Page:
I was really excited to watch the Channel Four documentary Life Stripped Bare. At last the practice of minimalism and simple living pared back and aired on television. As regular readers know I don’t own a television, so we settled down for a watch on the tablet, hoping to watch something that really captured the essence of minimalism and simple living.
Cue two minutes later a load of naked young people, running tittilatingly down busy city streets under the guise of learning to live with less.
The concept was a good one. Take all the modern gadgets, and possessions of those who own anything from 800 to almost 3000 objects and lock them in a storage container, and then over 21 days (the length of time many, including me, feel it takes to make/break a habit) they can choose to have one item back each day. Great concept, cue lots of choices and agonising over a phone or a duvet.
But why, oh why, oh why did they have to take all their clothes away? Apart from the fact that the poor buggers must have had some bloody awful nights sleep to start with, seeing each person completely naked totally took away from the point of living with less. There was no need for them to have no clothes. They could have been given an unbranded black t-shirt and trousers, and that would have had no material impact. They could still have made choices about whether a wallet, or a duvet was their key item. They still could have decided whether they wanted their car back, or if their phone was more important. It still would have made a point about being minimalist. Not many minimalists go around without clothes. Note to Channel Four, that’s naturists, a whole different strand of people.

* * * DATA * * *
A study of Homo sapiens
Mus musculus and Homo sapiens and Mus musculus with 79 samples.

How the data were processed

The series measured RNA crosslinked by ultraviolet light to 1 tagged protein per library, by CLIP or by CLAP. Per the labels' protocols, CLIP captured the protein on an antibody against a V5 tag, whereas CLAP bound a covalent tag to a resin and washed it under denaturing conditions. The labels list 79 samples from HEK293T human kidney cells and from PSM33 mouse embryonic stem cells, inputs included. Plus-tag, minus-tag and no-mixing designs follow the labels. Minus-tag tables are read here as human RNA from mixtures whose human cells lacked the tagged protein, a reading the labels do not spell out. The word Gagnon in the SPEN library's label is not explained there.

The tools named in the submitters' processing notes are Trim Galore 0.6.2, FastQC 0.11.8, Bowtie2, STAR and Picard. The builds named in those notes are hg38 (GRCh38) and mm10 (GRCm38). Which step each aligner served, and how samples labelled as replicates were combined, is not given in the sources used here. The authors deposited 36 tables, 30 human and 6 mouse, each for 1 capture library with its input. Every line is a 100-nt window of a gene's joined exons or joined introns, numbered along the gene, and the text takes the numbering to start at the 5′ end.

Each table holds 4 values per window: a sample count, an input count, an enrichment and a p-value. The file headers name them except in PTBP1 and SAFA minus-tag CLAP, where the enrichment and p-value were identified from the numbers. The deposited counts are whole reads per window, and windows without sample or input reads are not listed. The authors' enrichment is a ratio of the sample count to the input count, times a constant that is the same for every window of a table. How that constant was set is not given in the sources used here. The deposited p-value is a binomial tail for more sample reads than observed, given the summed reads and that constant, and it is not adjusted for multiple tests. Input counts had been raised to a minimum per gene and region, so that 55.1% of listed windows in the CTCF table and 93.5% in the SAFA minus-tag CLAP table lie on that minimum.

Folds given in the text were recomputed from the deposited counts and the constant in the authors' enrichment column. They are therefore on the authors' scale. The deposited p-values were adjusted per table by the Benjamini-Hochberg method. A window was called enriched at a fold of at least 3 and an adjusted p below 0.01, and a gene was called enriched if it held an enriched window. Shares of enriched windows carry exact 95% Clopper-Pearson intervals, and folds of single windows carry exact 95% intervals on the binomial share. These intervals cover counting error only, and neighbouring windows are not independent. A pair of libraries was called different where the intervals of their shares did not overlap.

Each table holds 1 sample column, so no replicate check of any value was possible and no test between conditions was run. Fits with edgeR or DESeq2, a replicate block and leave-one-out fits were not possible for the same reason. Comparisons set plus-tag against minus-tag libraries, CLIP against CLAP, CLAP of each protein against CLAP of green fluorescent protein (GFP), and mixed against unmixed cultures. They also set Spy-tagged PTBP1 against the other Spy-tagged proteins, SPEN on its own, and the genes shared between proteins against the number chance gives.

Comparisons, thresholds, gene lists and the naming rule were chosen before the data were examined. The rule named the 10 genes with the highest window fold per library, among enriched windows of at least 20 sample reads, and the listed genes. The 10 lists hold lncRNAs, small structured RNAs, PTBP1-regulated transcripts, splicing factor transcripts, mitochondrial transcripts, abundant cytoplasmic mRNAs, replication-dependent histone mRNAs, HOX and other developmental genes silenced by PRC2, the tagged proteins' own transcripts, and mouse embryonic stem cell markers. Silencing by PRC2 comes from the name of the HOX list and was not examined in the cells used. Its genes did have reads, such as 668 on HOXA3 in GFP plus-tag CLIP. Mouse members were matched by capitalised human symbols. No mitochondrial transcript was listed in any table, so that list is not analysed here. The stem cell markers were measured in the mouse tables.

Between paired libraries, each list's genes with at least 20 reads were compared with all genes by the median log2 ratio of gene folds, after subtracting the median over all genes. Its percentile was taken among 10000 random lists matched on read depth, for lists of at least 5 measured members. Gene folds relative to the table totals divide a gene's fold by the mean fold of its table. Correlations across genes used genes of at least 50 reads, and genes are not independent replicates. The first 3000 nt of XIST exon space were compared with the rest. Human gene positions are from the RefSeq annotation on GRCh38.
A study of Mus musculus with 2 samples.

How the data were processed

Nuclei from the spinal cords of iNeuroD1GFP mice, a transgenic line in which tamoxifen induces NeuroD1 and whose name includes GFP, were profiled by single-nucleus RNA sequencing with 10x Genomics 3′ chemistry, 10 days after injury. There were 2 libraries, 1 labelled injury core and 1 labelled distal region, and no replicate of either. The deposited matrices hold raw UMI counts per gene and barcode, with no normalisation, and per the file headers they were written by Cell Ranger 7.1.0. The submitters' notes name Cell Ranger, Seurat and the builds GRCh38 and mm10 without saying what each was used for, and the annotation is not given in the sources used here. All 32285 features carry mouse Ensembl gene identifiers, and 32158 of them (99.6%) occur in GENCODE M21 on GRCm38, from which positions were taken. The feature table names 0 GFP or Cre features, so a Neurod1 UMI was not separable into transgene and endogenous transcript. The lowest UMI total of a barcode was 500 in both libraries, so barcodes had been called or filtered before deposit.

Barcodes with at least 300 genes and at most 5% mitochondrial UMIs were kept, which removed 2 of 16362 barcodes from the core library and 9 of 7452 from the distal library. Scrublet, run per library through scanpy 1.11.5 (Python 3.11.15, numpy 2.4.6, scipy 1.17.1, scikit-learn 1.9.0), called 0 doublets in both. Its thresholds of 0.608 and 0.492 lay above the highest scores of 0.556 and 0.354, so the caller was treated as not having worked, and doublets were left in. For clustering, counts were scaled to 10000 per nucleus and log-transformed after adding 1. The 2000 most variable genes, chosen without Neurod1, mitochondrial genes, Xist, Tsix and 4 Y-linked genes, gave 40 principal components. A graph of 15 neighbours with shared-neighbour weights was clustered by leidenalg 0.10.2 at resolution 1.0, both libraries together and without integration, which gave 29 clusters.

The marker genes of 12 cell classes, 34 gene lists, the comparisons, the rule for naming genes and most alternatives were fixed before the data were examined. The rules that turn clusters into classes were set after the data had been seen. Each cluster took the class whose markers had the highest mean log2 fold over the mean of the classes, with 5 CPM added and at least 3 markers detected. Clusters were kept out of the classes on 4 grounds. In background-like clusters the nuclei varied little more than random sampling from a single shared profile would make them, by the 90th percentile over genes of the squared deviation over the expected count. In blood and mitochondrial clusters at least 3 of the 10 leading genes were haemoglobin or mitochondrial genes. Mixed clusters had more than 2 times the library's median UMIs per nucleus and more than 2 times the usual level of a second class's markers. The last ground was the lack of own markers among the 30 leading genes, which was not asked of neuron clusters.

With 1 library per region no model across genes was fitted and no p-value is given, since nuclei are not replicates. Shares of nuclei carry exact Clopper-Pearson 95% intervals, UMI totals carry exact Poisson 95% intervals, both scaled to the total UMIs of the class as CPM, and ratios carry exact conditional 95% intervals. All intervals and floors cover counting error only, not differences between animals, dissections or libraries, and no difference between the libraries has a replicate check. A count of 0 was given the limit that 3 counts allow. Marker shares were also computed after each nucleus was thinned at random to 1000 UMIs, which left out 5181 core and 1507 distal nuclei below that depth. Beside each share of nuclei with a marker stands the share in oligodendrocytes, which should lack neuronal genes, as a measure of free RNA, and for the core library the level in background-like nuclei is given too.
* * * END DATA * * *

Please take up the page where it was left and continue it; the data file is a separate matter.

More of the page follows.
Still there were some good points to the programme. The moment when Heidi from London realises that she would like to experience life in the real world instead of via time and soul stealers such as Instagram, and when one of the chaps decides at the end to part with at least half his stuff because he actually finds he doesn’t need it. You can watch it for yourself here.
It’s great to see minimalism and simple living making it onto mainstream TV. We need to talk about why people are giving up possessions and choosing to live simpler, pared back lives, but can we do it with some clothes on please?